Visualizing the Value of Nature
Earlier this year, we tasked our community with the challenge of visualizing the value of nature and the use of natural capital. The concept is a new one yet it carries weight: if we can assess the costs of biodiversity loss or deforestation, can we force people to re-think what it is that they value?
The ecosystems that supply our fuel, food, water, and stable climate have no price. Instead the gross domestic product, or GDP – our principle economic measure of success – excludes the ecosystems and the services they provide, rendering them non-valuable. To turn this around, the TEEB project embarked on a ground breaking study: a comprehensive analysis of the global economic benefit of biological diversity, the costs of the loss of biodiversity, and the failure to take protective measures vs. the costs of effective conservation.
In collaboration with TEEB, we challenged the design community to take this data and make it more understandable to the general public.
Congratulations to Jacob Houtman for taking the win!
The Value of Nature – Ecological Footprint and Biocapacity visualization was deemed the most effective at showing how we are using our natural resources and provided an informative and fun tool for people to explore the issue by country and by sector. The interactive map covers each country around the world, visually depicting the difference between the country’s capacity and footprint. Unsurprisingly, the States has a deficit given it’s footprint is much larger than its capacity!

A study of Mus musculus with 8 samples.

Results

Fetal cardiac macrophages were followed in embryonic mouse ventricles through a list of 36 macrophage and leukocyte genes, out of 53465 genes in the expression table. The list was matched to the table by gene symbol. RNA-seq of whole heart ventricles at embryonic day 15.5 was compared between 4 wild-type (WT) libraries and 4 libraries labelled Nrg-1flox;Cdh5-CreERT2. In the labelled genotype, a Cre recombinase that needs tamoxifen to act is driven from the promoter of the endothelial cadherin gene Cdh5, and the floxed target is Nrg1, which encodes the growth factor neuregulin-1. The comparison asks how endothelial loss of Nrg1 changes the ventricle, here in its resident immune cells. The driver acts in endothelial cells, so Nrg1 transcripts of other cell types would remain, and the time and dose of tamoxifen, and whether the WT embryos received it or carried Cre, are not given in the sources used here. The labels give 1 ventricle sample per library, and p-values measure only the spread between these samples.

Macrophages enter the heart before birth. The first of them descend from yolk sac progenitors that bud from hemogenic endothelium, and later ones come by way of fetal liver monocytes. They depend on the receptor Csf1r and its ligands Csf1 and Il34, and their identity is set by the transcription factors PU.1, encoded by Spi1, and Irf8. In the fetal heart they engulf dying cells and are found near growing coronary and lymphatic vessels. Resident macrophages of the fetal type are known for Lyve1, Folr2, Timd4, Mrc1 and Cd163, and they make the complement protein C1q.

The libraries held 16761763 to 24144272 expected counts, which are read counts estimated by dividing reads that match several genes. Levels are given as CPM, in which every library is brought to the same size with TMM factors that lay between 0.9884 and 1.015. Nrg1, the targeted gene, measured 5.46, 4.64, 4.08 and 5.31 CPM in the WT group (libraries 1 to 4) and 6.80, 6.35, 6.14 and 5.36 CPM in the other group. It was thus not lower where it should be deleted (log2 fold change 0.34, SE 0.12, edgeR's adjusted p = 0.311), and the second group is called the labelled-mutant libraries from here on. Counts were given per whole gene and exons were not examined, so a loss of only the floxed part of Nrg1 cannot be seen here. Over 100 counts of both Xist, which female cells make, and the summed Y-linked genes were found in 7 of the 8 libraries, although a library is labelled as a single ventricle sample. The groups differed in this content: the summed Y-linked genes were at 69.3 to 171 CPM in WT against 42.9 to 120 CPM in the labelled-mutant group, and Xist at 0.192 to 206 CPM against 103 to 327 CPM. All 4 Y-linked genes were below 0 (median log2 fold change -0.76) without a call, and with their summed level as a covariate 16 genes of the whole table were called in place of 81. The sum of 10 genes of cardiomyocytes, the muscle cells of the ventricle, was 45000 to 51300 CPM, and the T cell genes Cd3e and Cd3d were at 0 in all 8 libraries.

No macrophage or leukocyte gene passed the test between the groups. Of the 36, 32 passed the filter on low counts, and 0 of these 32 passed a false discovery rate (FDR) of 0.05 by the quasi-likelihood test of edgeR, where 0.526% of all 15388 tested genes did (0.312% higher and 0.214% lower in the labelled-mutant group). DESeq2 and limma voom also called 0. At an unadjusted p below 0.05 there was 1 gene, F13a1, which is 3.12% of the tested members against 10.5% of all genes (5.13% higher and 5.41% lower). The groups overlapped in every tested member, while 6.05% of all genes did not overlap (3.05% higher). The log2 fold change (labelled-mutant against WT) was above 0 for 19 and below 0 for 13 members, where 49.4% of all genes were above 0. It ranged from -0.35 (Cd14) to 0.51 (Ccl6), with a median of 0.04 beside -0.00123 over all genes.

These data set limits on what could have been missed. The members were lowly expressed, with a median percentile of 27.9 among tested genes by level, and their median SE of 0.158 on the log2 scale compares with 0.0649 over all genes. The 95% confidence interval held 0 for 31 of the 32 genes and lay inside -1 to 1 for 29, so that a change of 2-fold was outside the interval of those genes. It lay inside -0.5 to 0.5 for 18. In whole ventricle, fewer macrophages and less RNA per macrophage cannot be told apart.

An Honorable Mention goes to:
Jan Willem Tulp
The Economic Benefit of Stopping Deforestation was an innovative, stylish, and sophisticated approach at visualizing the monetary benefits of conservation. The visualization showed the economic value of the Leuser Ecosystem through three scenarios: using trees but replanting them, using trees and not replanting them, and not using trees at all.
Thank you to everyone that entered the challenge – we loved your work. A special thank to you to our Jury as well.
Interested in submitting your own visualization? Our current challenge on urban water is underway. Tap into the world's stream of water data for our World Water Day Data Visualization Challenge and win $5,000 (two runner-ups each get $500).